Making the recommendation to the board on the appointment, reappointment and removal of the statutory auditor has for many years been a fundamental audit committee responsibility. Nevertheless, the recent audit reforms introduce a number of legally binding requirements in relation to audit tendering and rotation that for some Public Interest Entity (PIE) audit committees will represent a significant change to their role.
As businesses develop their responses to the outcome of the UK referendum on continued EU membership, the business-as-usual of preparing financial reports and auditing continues. As the FRC highlight in their recent press release, there are some immediate accounting and reporting implications to consider when preparing half-yearly and annual financial reports.
Our briefing provides an overview of some key considerations.
While the EU Audit Reforms requiring regular audit tendering and rotation only came into effect recently, for many organisations this was already ‘business as usual’. In this paper, we set out four statistics to illustrate the size of the challenge, the progress to date and the impact on audit market share within the FTSE350.
With the implementation date for audit reform fast approaching, we now have more clarity around audit tendering, mandatory firm rotation, the prohibition of many non-audit services and the non-audit services cap. The role of the audit committee however has received little attention. Nevertheless, they have a key role to play if the audit reforms are to be a success; and the new regulations include some new requirements that are difficult to navigate and in some cases will significantly impact the way audit committees of Public Interest Entities (PIE) operate in practice.
Our report looks at the impact of the new regulations across the following areas:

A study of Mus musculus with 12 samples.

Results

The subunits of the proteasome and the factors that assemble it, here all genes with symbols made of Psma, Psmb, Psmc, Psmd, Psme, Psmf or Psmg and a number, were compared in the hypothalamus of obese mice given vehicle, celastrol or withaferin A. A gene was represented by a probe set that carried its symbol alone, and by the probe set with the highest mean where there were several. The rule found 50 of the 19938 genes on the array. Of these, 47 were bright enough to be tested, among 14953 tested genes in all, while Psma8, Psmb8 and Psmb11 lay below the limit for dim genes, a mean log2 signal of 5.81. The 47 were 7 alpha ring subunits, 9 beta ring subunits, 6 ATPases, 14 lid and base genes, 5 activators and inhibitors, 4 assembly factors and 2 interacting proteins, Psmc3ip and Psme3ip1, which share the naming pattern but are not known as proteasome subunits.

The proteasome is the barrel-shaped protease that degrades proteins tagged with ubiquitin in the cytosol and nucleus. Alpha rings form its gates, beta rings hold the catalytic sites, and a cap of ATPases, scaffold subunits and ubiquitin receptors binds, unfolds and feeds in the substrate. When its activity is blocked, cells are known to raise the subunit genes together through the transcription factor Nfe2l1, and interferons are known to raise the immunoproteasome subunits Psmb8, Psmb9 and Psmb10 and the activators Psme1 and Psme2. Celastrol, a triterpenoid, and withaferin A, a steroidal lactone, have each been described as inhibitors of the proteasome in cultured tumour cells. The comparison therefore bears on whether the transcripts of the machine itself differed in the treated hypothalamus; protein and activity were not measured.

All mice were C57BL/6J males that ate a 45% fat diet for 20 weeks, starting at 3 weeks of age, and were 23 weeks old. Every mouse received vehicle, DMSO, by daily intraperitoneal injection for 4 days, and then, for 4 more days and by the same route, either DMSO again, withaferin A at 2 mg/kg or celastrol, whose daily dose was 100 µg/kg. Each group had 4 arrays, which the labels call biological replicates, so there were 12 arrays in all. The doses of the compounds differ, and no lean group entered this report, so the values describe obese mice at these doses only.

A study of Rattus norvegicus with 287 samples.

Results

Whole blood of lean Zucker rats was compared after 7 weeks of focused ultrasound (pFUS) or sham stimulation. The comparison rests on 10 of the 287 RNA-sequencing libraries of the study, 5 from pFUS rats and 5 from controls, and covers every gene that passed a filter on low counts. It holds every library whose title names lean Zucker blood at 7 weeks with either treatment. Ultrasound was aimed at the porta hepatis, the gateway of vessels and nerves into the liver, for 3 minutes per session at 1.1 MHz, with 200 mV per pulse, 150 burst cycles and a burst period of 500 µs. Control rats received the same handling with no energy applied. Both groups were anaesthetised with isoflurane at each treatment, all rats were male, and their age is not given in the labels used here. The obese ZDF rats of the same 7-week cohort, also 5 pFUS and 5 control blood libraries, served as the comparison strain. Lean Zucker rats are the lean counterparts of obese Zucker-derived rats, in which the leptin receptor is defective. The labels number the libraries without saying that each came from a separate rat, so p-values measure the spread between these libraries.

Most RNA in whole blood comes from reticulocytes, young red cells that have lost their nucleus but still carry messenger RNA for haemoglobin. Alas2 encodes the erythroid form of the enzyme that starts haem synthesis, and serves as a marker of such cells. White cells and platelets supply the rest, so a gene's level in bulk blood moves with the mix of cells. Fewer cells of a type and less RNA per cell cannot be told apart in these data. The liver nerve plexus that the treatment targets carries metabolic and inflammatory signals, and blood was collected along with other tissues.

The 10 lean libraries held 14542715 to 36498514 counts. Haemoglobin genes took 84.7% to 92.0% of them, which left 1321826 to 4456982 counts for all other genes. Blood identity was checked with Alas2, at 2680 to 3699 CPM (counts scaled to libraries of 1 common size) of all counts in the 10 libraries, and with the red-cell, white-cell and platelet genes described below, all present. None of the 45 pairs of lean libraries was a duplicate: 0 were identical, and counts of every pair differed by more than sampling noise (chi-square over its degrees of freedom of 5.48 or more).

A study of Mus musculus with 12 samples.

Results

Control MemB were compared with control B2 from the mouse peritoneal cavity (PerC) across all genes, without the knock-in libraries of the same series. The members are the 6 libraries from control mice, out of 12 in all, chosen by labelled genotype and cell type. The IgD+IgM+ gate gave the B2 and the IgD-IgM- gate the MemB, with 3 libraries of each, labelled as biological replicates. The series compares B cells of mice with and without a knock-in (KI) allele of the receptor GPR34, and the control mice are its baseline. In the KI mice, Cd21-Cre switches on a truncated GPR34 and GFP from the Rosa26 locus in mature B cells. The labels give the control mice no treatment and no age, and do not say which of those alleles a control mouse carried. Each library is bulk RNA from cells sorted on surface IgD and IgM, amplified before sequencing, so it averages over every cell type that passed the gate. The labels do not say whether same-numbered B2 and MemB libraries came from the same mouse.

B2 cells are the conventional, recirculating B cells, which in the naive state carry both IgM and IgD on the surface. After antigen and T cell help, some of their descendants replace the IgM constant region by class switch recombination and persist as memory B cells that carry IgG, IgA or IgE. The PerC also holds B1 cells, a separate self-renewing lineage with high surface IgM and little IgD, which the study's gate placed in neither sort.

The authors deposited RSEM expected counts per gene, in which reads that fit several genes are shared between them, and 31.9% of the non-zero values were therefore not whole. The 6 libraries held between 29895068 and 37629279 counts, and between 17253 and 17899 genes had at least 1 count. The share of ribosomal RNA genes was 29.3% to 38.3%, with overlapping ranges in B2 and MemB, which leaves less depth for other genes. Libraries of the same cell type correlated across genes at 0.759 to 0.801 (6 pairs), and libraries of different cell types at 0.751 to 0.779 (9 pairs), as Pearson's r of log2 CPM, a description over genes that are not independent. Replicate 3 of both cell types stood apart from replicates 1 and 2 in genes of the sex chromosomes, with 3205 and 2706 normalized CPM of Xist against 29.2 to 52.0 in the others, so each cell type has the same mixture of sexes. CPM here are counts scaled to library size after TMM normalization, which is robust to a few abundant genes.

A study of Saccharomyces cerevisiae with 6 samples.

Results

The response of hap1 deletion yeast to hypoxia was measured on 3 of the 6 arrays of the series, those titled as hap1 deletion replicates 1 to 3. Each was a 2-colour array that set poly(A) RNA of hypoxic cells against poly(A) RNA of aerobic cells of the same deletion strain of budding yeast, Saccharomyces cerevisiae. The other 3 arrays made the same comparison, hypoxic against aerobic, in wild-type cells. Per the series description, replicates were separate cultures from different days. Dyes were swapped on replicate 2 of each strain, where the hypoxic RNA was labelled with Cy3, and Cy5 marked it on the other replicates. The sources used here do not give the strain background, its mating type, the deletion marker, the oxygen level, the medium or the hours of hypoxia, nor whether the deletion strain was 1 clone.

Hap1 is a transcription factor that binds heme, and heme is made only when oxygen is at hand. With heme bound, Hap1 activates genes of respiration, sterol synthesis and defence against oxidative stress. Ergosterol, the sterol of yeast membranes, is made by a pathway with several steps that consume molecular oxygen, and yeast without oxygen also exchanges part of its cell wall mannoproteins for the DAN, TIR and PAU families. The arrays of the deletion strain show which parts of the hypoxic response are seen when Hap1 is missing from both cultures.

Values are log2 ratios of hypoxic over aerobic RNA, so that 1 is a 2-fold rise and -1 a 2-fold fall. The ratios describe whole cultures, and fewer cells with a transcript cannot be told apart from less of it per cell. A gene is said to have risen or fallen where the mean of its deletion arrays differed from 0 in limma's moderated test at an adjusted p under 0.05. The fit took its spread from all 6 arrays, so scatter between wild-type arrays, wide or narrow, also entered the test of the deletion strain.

Read the full report (PDF 874 KB)
Read our bite-size briefings:
For many unlisted credit institutions and insurance undertakings, the forthcoming changes to the Prudential Regulation Authority’s (PRA’s) Rulebook will require an audit committee for the first time. The new rules, which are broadly consistent with the familiar Disclosure and Transparency Rules (DTR 7.1) and provisions of the UK Corporate Governance Code, will also apply to listed credit institutions and insurance undertakings.
The EU Audit Reforms have taken a step closer to reality with the release of the latest consultations from The Department for Business, Innovation and Skills (BIS) and the Financial Reporting Council (FRC). With the implementation date just over seven months away, we now have more clarity as to the implication for auditor rotation, non-audit services and the role of the audit committee in the UK.
Our briefing answers key questions on the proposals.
New standards, a surge in M&A activity, continued pressure for better business reporting…all of these factors make this a challenging (and interesting) time for the preparers of financial statements. Our guide, Insights into IFRS: An Overview, is designed to help Audit Committee members and others by providing a structured guide to the key issues arising from the standards.
As part of its ongoing work to enhance confidence in audit, the Financial Reporting Council (FRC) has published a consultation on revisions to the Ethical and Auditing Standards, the UK Corporate Governance Code and related Guidance on Audit Committees. The proposals address the implementation of the new EU Regulation and Directive on statutory audit and a number of other matters which the FRC consider should be introduced at the same time.
Going concern, risk management and internal control; Remuneration; Shareholder engagement. Perhaps the most significant change is the introduction of a ‘viability statement’ in addition to enhanced going concern disclosures in the annual report. The viability statement involves a broader assessment of long-term solvency and liquidity, as compared to the accounting going concern concept.
This document discusses the key aspects of the regulation, including auditor appointment and non-audit services, also looking at the transitional arrangements and considerations which audit committees will need to make.